Don’t be shocked about MTN, it’s always been a bit gung-ho

Operator seems to relish plunging into the most risky markets, so Nigerian hiccup should come as no surprise

Ann Crotty

The shocked response to MTN’s latest run-in with regulators seems a little misplaced given the group’s long-term strategy of going into markets where most others fear to tread. Over the years it’s been difficult not to suspect that MTN relied on the US State Department travel advisory site for ideas on where to seek investment opportunities.
It’s not just one or two countries that MTN has boldly ventured into. Neither is it a case of MTN operating in once-stable countries that have unexpectedly got caught up in political and economic turmoil.
Afghanistan, Syria, Yemen, South Sudan and Iran have all got substantial MTN operations. They also happen to be five of the 11 countries the State Department has classified as Level 4 in terms of travel advisory. (The classification system predates President Trump.) Level 4 is the highest and most aggressive advisory level issued by the department and those who are determined to travel are advised to draft a will and designate appropriate insurance beneficiaries and/or power of attorney.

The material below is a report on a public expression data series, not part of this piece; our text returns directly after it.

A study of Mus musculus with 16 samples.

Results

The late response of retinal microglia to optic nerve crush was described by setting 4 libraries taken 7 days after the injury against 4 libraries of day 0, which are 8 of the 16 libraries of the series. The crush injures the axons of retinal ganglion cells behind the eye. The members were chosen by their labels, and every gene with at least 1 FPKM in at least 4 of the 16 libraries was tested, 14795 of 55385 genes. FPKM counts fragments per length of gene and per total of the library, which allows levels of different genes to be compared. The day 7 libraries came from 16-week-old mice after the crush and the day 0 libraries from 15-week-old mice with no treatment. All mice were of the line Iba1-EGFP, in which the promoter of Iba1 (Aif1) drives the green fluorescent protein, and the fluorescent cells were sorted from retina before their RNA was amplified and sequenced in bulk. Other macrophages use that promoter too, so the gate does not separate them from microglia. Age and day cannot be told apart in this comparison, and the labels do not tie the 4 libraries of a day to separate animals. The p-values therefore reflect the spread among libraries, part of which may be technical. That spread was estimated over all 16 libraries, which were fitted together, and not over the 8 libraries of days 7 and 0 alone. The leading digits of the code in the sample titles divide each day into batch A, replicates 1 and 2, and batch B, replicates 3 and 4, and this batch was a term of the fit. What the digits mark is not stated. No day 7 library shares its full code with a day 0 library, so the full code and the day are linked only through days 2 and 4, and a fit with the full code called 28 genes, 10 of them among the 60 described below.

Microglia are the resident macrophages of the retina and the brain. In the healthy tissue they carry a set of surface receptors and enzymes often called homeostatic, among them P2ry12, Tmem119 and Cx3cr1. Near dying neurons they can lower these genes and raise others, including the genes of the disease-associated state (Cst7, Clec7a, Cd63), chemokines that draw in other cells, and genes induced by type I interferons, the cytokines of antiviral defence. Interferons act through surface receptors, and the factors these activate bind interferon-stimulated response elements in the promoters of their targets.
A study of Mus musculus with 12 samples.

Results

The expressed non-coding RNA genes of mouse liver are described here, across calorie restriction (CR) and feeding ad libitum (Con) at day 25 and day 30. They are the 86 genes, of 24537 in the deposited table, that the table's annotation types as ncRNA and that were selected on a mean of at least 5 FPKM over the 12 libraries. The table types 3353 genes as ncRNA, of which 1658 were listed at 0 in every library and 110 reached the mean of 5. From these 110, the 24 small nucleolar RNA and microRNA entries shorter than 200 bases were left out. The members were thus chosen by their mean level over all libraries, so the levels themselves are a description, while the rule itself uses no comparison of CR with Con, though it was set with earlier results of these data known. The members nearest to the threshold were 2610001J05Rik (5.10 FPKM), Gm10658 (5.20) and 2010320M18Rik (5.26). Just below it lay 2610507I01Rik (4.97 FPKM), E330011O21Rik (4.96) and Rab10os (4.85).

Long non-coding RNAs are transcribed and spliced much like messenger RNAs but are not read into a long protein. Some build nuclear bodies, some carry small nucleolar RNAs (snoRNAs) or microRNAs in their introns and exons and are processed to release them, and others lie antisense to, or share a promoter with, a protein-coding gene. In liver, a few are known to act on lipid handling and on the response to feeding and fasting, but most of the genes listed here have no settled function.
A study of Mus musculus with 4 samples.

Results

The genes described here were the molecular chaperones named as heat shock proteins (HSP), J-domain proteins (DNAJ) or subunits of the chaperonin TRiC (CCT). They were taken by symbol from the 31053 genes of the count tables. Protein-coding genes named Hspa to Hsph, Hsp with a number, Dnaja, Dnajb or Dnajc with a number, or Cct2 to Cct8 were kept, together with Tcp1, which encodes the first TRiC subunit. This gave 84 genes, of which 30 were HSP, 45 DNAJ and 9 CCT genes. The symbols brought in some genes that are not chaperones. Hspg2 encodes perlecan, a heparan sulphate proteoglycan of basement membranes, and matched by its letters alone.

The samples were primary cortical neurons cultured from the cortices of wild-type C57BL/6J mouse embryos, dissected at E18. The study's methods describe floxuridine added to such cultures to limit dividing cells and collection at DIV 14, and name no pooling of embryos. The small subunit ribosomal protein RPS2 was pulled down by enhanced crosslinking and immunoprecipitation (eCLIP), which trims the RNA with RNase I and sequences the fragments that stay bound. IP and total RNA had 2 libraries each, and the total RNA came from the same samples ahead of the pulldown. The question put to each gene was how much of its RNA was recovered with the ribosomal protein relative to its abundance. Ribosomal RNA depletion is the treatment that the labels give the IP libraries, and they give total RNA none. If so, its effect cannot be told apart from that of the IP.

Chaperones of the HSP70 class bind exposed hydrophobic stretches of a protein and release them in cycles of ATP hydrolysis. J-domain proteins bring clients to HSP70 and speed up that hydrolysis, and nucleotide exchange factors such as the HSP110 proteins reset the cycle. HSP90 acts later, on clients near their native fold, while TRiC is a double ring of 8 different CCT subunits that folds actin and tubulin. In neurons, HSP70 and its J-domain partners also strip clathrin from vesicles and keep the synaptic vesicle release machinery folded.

Over the years this bold strategy has generally worked in MTN’s favour and has helped to underpin strong earnings growth. But every so often it bites and reminds investors why caution is not always to be scoffed at.
Ironically other than Iran, which suffers from US policy, it hasn’t been the Level 4 countries that have caused MTN most concern. Benin, which has a remarkably safe Level 1 tag, has had its MTN challenges as has Cameroon, which like SA enjoys a Level 2 categorisation. And then there’s Nigeria, which scores a Level 3 from the state department and has been something of a nightmare for MTN shareholders in recent years.
These sturdy investors may even have forgotten what a dream it was before that.